Six goals in as many matches make United FC forward Christian Ramirez the hottest player in the North American Soccer League.

Yet a chill has come over the Loons of late. A victory Saturday meant a share of third place in the fall season standings. Instead, a 1-1 draw against FC Edmonton means they are without a victory in three consecutive matches.

An announced crowd of 9,077 fans greeted United in the club's first match at Blaine's National Sports Center Stadium since July 15. Playing without injured regulars Kevin Venegas (defender) and Sammy Ndjock (goalkeeper) only hardened players' resolve to earn a victory and a clean sheet.

They got neither. Minnesota took the lead just one minute after halftime as Ramirez buried a penalty kick. The goal was his 27th in league play, making him the team's career leader in that category.

But Minnesota, which entered Saturday's match with 12 fall season goals allowed, second most in the league, failed to hold. Edmonton's equalizer came in the 71st minute. A charging Lance Laing passed a ball just beyond the reach of United defender Cristiano Dias for Edmonton teammate Tomi Ameobi to tap home.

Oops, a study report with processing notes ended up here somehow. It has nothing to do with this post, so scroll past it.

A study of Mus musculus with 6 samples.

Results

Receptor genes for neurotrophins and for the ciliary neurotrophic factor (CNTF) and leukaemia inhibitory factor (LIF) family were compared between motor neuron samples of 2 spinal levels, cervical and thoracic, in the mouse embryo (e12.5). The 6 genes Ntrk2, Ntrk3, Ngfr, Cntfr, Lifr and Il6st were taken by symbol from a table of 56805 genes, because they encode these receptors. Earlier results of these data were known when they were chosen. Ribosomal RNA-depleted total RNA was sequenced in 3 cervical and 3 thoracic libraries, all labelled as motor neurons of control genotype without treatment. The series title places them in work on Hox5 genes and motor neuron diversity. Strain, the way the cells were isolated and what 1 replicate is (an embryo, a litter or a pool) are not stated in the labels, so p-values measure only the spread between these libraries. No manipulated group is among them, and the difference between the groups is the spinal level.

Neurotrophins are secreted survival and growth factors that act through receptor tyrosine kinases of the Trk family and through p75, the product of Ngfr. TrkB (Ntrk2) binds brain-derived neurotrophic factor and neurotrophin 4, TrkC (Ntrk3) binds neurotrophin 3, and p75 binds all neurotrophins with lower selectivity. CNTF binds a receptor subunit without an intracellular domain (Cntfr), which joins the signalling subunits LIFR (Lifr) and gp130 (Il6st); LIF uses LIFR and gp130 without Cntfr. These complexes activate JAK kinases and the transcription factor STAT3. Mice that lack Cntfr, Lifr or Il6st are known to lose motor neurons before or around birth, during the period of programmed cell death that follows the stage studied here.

"We just have dipped in terms of our level and quality after we have a lead, which is, particularly at home, unacceptable," United coach Manny Lagos said. "We need that bite when we're up. We got a little too complacent about how to defend when we had a lead."

Minnesota entered Saturday's match as the league's most potent offensive team (14 goals) and generated three prime scoring chances in the first half.

A deflection of Juliano Vicentini's shot in the 14th minute required Edmonton goalkeeper Matt VanOekel, a former Minnesota player, to leap and push the ball over the crossbar with his fingers.

Ramirez fired diagonally and just missed tucking the ball inside the far post in the 32nd minute. Seven minutes later, Vicentini missed over the top again, this time on a blast.

Edmonton coach Colin Miller said his club was wary of "spells when they have possession of the ball" and acknowledged "we dodged a few bullets."

The narrative changed in the second half after Ramirez scored.

"I thought they were on the wobble," Miller said, urging his players to press as the match wore on. Edmonton's reward came in the form of the Minnesota turnover and midfield that started an Eddie's scoring rush.

"When you play three games in eight or nine days, fatigue starts to kick in a little bit and everybody is a little extra on edge wanting those three points," Ramirez said.